Tuesday, September 22, 2015

How to Join Batting

Hi there! Today we have a fabulous guest post from the talented Carrie from Chopping Block Quilts! Be sure to check out her blog, she has a lot of great projects and even some recipes! :)

You can find Carrie: 

Today she is going to share with us how to join batting.  I don't know about you, but I have quite the pile of batting scraps that are just sitting in a bin.  I will use some here and there for small projects, but I've never joined my batting to make a bigger piece before! I knew it was possible, I just never knew exactly how to do it.  So I am so glad I came across Carrie's excellent tutorial, I will definitely use this the next time I may need a bigger piece of batting than what I already have! 

How to Join Batting Scraps

 When making larger quilts, I typically use a whole, new piece of batting but am often left with sizeable scraps that (when joined together) are perfect for smaller projects such as baby quilts.

Batting piece too small for pillow sham cover
Batting piece too small for pillow sham.
 Typically I only join two pieces of batting, but I have joined up to four pieces using the following method.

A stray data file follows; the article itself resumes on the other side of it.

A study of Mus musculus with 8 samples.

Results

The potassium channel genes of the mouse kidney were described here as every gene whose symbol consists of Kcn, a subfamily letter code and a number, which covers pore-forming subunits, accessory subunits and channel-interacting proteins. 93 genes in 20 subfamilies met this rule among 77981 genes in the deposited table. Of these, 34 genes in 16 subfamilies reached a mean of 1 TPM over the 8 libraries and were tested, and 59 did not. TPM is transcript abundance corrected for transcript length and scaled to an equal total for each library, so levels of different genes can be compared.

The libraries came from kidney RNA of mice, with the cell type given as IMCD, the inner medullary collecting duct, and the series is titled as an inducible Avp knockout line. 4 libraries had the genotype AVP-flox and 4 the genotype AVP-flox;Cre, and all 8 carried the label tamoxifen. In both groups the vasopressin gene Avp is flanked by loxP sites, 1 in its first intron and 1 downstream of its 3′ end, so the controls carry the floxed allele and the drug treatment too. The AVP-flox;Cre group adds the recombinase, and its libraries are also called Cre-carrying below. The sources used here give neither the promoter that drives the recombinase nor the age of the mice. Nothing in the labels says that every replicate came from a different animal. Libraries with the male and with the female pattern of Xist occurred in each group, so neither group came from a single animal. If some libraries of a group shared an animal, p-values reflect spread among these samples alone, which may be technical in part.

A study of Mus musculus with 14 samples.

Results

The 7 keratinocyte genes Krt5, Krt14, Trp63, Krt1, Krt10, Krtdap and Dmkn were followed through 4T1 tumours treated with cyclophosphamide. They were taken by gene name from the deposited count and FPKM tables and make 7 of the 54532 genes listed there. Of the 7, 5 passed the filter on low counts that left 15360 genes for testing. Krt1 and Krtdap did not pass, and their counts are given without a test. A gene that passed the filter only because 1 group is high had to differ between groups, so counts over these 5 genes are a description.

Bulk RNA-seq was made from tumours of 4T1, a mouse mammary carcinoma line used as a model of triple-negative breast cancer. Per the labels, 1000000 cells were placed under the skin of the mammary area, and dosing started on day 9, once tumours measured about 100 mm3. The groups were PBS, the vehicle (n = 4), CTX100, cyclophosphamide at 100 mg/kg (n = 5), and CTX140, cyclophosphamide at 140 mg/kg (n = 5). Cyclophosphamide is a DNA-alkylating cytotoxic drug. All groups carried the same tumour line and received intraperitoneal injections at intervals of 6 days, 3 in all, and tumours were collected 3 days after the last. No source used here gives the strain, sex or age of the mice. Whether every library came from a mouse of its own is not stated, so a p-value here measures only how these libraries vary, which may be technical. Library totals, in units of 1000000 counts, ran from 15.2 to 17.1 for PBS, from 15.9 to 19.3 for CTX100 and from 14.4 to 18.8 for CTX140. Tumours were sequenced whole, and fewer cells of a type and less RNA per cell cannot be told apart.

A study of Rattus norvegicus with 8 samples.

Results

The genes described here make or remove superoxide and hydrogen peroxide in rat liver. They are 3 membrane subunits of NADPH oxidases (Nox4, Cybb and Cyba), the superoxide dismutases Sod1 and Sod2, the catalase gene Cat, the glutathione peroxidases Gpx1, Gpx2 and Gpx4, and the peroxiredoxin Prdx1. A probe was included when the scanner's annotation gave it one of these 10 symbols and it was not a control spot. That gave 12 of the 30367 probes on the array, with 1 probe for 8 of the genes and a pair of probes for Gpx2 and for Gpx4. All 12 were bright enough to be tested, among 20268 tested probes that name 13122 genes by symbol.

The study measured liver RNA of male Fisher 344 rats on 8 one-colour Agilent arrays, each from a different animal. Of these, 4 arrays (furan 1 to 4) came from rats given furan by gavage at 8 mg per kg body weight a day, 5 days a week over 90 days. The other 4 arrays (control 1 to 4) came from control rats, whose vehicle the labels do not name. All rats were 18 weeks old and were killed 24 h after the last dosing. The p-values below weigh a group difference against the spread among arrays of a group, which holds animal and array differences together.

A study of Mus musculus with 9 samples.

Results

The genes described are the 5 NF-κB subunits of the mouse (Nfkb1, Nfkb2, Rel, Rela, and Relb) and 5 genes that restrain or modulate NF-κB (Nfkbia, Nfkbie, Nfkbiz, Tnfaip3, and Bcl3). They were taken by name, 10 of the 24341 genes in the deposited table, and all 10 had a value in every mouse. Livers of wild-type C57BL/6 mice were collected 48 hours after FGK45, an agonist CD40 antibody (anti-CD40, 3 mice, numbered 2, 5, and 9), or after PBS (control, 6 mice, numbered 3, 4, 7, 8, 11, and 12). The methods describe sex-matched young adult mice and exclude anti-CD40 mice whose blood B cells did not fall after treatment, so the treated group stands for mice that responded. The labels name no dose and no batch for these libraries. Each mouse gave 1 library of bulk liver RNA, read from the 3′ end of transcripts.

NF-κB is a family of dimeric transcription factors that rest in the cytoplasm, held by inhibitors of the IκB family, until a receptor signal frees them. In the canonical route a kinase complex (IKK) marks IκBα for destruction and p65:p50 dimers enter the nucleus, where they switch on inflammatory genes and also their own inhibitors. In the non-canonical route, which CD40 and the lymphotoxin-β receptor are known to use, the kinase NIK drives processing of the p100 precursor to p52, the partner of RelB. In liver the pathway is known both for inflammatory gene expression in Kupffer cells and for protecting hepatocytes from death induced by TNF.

1: Make sure that the pieces of scrap batting you are joining are of the same material and loft. When storing my scraps, I fold the pieces into each other to keep like batting together.

 2: Lay the batting pieces you are thinking of using so that there is overlap between the pieces of 3-4 inches.

Overlap Scraps by 3 or 4 inches
Overlap Scraps by 3 or 4 inches
 When I first started quilting, I would stop at this step, baste and quilt. I was never happy as there would be part of the quilt that was thicker due to the double layer.

3: (Secret step) Cut through both layers of overlapped batting in a gentle wave pattern. I typically eyeball it but you can mark if so desired.

Cut through both layers in a wave
Cut through both layers in a wave
 4: Remove the excess pieces of batting from the two halves. You will be left with two pieces of batting that butt up to each other flush in the curves.

Remove excess side pieces
Remove excess side pieces 
5: Join the batting pieces using a loose whipstitch. This is just to hold them together temporarily while basting and quilting. You don't want a tight stitch as this will form a ridge on the seam.
Loose whipstitch to hold the two adjoining pieces at the seam
Loose whipstitch to hold the two adjoining pieces at the seam

Joined pieces ready for basting
Joined pieces ready for basting

 6: Baste and quilt as normal

Basted and ready for quilting
Basted and ready for quilting 

Finished Pillow Sham

7: Enjoy your finished project without all the excess batting bulk. Secretly revel in your thriftiness and no one being the wiser!

Thanks for stopping by!
Carrie @ Chopping Block Quilts


http://thankfullga447 said...

Thank you this was very helpful. I knew there was something you needed to do but I didn't know about the wave.

Soma @ inkTorrents.com said...

Your way is so much better than mine. I will have to use this technique next time. Thank you!!